Causation in Louisiana Toxic Tort Cases
In general, to prove negligence in Louisiana, a plaintiff must provide evidence of the standard elements of negligence – duty, breach, causation, and injury/damage. The plaintiff bears the burden of proof and each element must be proven by a preponderance of the evidence. This article focuses on the causation element with a particular focus on toxic tort cases.
Louisiana Law of Negligence: Proving Causation
Under Louisiana case law, a cause is a legal cause in fact if it has a proximate relation to the harm which occurs. See Butler v. Baber, 529 So.2d 374 (La. Supreme Court 1988). A “proximate relation” exists if the following conditions are met:
- Any event in natural and continuous sequence;
- Unbroken by any intervening event that;
- Produces the result complained of and;
- That said result would not have occurred but for the event in question.
With respect to an accident and an injury, if there is more than one cause of the injury, then the defendant’s acts/conduct must have been a “substantial factor” generating the harm/injury. Often medical expert testimony is necessary to properly prove causation. Expert testimony is generally needed when causation is complex and not within the normal and customary knowledge of a jury. Expert testimony is not ALWAYS necessary. For example, if the allegation is that injury was caused by an accidental discharge of a firearm, it is probably unnecessary to have an expert testify that the bullet caused the injury.
In defending a case based on lack of causation, each piece of causation can be challenged. That is, one may argue that there is no “natural and continuous sequence,” that there was an intervening cause or multiple causes, etc.
Two Components of Causation for Toxic Torts
With respect to toxic tort litigation, case law has established that a plaintiff must prove two components of causation – general and specific causation. See Pick v. American Medical Systems, Inc., 958 F.Supp. 1151 (E.D. La.1997). “General causation” refers to whether the toxic substance at issue is capable of causing a particular injury or condition, while “specific causation” refers to whether the toxic substance caused injury to the specific individual involved in the case. Common sense and the case law make it clear that a plaintiff cannot sustain his or her burden of proof with general causation proof alone; the plaintiff must establish specific causation.
In general, that means the plaintiff must prove exposure and that the exposure actually led to the illness, disease or medical condition. Exposure can be shown by direct or circumstantial evidence. Direct evidence is something like “I touched or breathed in the substance.” Circumstantial evidence is something like: “… the toxic substance was released into the air, I was in the location and breathed in the air, I contracted the condition related to having the toxic substance in one’s lungs, therefore, it is more probable than not that I was exposed to the toxic substance.”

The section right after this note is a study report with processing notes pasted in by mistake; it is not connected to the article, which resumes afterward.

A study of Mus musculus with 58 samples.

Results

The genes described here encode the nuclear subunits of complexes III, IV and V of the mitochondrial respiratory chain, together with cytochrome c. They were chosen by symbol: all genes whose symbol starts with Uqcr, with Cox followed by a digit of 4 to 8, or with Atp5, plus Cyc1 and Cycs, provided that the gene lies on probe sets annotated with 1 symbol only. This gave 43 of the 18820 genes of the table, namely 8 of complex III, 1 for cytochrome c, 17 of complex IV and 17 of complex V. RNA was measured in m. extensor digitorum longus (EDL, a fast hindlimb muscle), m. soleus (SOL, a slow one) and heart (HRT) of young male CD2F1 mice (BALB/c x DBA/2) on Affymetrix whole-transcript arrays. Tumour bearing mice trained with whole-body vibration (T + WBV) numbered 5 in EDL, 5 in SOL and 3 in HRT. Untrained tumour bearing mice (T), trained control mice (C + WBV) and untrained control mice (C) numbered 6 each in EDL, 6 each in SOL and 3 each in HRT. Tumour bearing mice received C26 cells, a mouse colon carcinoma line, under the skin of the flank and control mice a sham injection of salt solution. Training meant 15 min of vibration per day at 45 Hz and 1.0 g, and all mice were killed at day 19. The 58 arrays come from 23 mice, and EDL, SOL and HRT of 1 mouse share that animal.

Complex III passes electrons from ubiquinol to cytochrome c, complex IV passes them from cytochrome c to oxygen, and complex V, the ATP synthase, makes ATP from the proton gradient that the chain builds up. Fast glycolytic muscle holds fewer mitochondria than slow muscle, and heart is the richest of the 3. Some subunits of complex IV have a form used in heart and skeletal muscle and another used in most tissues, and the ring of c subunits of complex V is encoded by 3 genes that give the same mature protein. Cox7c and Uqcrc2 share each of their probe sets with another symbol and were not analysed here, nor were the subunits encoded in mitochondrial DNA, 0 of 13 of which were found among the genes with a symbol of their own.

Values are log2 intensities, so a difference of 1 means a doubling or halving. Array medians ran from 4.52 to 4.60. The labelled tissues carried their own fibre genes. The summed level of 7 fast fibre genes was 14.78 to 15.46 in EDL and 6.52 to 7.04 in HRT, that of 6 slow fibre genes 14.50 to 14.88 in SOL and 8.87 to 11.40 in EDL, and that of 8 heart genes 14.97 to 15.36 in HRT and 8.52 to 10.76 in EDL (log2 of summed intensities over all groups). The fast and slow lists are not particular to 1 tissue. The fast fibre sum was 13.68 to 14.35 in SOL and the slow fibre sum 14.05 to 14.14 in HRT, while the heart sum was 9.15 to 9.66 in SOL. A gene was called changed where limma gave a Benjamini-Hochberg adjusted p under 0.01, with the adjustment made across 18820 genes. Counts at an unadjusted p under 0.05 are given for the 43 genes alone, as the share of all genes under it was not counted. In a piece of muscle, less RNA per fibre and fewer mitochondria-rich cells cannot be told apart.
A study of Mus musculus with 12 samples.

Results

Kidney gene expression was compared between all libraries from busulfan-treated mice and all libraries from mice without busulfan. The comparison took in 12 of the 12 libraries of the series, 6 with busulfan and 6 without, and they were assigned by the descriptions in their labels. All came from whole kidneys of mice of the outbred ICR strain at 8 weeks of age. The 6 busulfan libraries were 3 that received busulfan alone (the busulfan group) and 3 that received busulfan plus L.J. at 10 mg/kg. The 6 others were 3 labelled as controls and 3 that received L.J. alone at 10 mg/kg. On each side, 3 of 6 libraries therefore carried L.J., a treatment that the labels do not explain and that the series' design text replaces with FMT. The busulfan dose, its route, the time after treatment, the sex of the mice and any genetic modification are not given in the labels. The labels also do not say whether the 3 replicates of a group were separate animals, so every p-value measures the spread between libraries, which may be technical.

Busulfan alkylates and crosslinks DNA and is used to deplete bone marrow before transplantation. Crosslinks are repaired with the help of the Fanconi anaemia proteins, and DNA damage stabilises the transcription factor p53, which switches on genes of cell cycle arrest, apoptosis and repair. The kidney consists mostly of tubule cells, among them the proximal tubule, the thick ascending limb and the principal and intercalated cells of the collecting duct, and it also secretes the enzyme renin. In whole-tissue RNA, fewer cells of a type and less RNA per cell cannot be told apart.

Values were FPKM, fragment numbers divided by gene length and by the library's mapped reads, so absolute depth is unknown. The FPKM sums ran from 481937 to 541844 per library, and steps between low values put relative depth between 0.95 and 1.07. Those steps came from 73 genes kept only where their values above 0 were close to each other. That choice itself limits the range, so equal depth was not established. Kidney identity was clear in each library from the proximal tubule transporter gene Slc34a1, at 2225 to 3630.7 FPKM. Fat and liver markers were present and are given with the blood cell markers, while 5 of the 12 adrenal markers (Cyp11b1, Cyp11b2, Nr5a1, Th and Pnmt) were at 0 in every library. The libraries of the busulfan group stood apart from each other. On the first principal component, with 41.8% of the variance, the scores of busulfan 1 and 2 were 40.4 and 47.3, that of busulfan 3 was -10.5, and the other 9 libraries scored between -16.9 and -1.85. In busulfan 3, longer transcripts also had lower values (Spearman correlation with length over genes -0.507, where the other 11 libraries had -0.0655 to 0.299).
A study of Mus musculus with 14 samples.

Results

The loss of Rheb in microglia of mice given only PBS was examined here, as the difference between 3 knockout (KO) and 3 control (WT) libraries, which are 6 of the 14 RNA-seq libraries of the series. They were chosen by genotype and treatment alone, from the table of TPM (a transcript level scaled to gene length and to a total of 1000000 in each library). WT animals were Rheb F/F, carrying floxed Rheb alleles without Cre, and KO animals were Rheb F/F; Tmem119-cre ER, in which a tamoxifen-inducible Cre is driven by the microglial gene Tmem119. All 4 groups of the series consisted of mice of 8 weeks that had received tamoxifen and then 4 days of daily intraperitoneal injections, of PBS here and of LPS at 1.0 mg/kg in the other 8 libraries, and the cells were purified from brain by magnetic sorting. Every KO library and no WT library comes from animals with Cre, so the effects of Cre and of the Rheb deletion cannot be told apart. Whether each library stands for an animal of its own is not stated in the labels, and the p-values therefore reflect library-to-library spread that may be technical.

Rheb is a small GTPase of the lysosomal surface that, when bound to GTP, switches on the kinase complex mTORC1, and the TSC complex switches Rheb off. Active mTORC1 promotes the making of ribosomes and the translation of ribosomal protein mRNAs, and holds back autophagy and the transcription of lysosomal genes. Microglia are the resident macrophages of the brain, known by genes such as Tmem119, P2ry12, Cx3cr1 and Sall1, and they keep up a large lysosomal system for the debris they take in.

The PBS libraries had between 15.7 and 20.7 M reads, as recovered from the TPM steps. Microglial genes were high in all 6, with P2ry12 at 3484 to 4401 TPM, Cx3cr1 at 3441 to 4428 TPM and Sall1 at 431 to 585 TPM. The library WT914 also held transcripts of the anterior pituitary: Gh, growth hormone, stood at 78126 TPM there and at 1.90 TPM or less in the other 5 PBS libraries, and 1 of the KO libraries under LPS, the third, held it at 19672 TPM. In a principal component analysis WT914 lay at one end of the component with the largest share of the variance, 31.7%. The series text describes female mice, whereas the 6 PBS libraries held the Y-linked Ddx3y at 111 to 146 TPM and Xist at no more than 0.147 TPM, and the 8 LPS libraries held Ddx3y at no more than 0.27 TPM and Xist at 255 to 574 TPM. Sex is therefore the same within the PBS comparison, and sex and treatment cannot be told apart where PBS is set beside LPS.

As a matter of good defense, it is wise to argue that expert testimony is needed with respect to both general causation and specific causation. However, the case law seems to only require expert testimony with respect to the general causation. See Bradford v. CITGO Petroleum Corp., Case No. No. 17-296 (consolidated with other cases) (La. App. 3rd Cir. January 10, 2018). In Bradford, the Court of Appeals rejected arguments by CITGO that the plaintiffs had not sufficiently proven general and specific causation related to a massive oil and gas spill in 2006. The court noted expert testimony showed general causation — various petroleum substances led to specific medical ailments. The court also noted that more than sufficient evidence was provided of specific exposure and also of specific medical causation.
Contact an Experienced Louisiana Toxic Tort Defense Lawyer
Need assistance? Have questions? Contact Kristin M. Lausten. Our legal team defends toxic tort cases in both state and federal courts throughout Louisiana. We use state-of-the art technology and maintain relationships with a broad range of scientific and legal experts who are needed for defending toxic tort cases.
In addition, we provide legal consultation and planning so that you can decrease your risks of being sued for torts related to toxic substances.
The author may be contacted at:
Kristin M. Lausten
This article is provided as an educational service for general informational purposes only. The material does not constitute legal advice or rendering of professional services.